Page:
The term plus size has become bothersome as society thankfully becomes more accepting of the anyone who is not a straight, white male. It attempts to divide women based upon their size by establishing what is average. Back in the day, perhaps they felt it would motivate women to lose weight if they were categorized outside of just “womenswear”.
Have you ever noticed the term plus size is not used to describe larger menswear? The term stemmed from the 1920’s with the launch of Lane Bryant, a brand for ‘stout women with a bust size over 38”’. This century old phrase has become overused and now even describes activities that larger women participate in.
Plus size exercise is one of them.
Exercise is exercise is exercise is exercise… and so on. It is that simple.
When a woman who identifies as plus size loses weight, her identity is now in question internally. As a society, we measure the success of someone’s life by their size. The hardest part is that an entire life is judged by a variable.
Women around the world are in social and therapy groups related to their weight. If we stop and think about how damaging that mindset is, it makes you want to re-evaluate what “average” really is. Society has told us that the “average” woman today is a designer size 12. Well, according to a 2018 study in the International Journal of Fashion Design, the average size of a woman is 16–18.
At a 16–18 you are likely considered obsese or morbidly obese at the doctors office. You are likely criticized for being that size, and told to eat less and move more. Please keep in mind, this is the average, which means there are hundreds of thousands of women over a size 18.
It seems as if “straight sizes” are now the minority, so why do we still tack the term plus size onto everything? Not everyone is meant to be a size 2, 4, 6, 8, 10, or even a 12. Not everyone wants weight loss, many people just want to feel good.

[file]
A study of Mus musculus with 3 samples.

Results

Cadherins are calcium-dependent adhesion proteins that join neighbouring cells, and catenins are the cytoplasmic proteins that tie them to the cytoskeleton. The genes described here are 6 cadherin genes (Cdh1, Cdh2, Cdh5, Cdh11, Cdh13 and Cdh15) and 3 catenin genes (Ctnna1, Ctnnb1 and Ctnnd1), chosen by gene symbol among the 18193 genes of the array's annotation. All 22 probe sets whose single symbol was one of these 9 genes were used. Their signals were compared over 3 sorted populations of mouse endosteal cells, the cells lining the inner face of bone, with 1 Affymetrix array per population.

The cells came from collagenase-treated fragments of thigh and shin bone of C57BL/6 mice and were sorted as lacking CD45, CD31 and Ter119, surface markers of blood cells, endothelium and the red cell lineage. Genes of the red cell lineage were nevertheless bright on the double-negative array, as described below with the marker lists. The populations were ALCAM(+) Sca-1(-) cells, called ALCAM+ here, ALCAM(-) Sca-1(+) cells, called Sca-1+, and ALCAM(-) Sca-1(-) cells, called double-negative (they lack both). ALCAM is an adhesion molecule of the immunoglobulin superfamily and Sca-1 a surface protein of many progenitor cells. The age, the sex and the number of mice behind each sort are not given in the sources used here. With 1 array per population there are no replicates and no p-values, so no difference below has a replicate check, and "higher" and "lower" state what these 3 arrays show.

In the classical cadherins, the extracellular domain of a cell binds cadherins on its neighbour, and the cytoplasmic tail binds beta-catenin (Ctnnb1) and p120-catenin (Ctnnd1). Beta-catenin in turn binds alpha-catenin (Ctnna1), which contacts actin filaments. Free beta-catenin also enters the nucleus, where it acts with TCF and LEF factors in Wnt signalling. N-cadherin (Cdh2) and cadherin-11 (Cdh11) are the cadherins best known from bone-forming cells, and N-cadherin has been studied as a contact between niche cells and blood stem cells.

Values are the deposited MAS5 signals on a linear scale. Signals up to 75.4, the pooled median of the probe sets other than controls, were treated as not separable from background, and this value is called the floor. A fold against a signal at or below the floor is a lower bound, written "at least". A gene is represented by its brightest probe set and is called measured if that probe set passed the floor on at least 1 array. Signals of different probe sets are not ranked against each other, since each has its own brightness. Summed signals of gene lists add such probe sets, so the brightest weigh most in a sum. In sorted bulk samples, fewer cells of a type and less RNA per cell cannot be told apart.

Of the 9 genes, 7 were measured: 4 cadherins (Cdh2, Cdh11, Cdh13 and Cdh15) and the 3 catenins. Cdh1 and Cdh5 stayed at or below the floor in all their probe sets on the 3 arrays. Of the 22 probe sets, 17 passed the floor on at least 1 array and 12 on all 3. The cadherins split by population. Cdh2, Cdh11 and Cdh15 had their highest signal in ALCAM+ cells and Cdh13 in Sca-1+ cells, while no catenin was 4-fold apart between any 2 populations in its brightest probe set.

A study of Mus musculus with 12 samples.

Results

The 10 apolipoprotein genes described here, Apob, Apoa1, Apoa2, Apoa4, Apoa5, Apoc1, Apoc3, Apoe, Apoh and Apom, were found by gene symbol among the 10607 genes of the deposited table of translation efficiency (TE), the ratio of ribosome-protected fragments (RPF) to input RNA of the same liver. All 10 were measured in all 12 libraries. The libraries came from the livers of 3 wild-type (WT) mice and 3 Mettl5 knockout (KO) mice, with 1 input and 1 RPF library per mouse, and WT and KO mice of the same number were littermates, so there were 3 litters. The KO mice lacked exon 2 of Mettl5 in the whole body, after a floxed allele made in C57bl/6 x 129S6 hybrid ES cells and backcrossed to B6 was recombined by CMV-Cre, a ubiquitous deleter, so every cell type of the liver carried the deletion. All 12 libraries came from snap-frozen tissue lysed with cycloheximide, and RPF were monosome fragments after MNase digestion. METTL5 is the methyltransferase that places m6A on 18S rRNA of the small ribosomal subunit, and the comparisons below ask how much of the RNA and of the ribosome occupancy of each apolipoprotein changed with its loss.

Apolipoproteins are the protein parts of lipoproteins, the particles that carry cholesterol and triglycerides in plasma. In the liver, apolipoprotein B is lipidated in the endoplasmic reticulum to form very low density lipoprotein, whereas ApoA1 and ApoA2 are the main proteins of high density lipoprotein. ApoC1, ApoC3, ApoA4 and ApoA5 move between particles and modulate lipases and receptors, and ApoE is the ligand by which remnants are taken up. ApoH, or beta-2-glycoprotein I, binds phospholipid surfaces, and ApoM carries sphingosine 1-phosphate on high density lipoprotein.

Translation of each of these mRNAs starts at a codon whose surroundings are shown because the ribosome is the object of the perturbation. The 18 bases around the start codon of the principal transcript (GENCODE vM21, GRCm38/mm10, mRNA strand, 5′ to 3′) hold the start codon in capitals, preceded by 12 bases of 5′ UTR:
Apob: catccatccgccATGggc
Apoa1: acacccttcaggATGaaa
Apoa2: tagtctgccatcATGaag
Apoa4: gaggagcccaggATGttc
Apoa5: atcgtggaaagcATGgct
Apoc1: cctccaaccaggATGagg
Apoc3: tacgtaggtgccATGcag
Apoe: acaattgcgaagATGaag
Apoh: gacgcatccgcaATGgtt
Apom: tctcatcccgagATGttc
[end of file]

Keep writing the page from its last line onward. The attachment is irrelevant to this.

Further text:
So, what is plus size exercise? It does not exist. Glitters and Lazers uses her platform for workout motivation and shows us that we can do everything smaller people can do. Health and wellness does not have a weight requirement — to be healthy is not to be 125 pounds and have a 30” waistline.
That same 30” waistline could have the most unhealthy habits, never exercise, and could care less about what they eat. To be healthy is to be well in the mind, body, and spirit. That could look like 150 pounds or 300 pounds.
We need representation of all body sizes in fitness and health. Dwight Holt Jr., founder of Dance Your Pounds Off, travels all over the country, gathering women of all sizes and backgrounds together for high impact dancing that has gone viral. This is the type of action needed to move our mission forward: changing the face of fitness. Subconscious messages everywhere tell us that if you are a larger woman, you do not deserve the better things in life. It also supports stereotypes that if you are not a size 6, you don’t care as much about yourself. You don’t watch what you eat, you’re lazy, you work for minimum wage, etc.
Here are just a few areas where society can improve first:
- Fitness ads need to show women of all sizes squatting, lifting, throwing, sprinting, jump roping, doing burpees, strength training, and nailing any trending fitness “challenge”. Not “acceptably fat” women either. Acceptable fat women we’ve noticed are those with thick bodies with little to no cellulite and maybe a few rolls. We want to see women that look like us too, with fupas and annoying knee fat moving for her health too.
- Fitness advertisements need to show a thin person attempting to meet their fitness goals, just like anyone else.
- Resort spa commercials need to show larger women being pampered. We should be sprawled out on the massage table with Fabian rubbing massage oils into our succulent thigh meat.
- Healthy food subscription boxes being ordered and eaten by a family on the larger side
- Fitness accessory packaging showing product demonstrators of all sizes
- Fitness magazines featuring personal trainers of all sizes
- Running sneakers endorsed by a professional athlete with some extra cushion
It is uncommon to have abs, it is common to have fat rolls. It is uncommon to workout 7 days per week, it is common to commit to 35 minutes of movement a few days per week. It is uncommon to snap back after giving birth, it is common to struggle with losing the baby weight postpartum. Let’s normalize, normal.
What are your thoughts? Leave them in the comments below!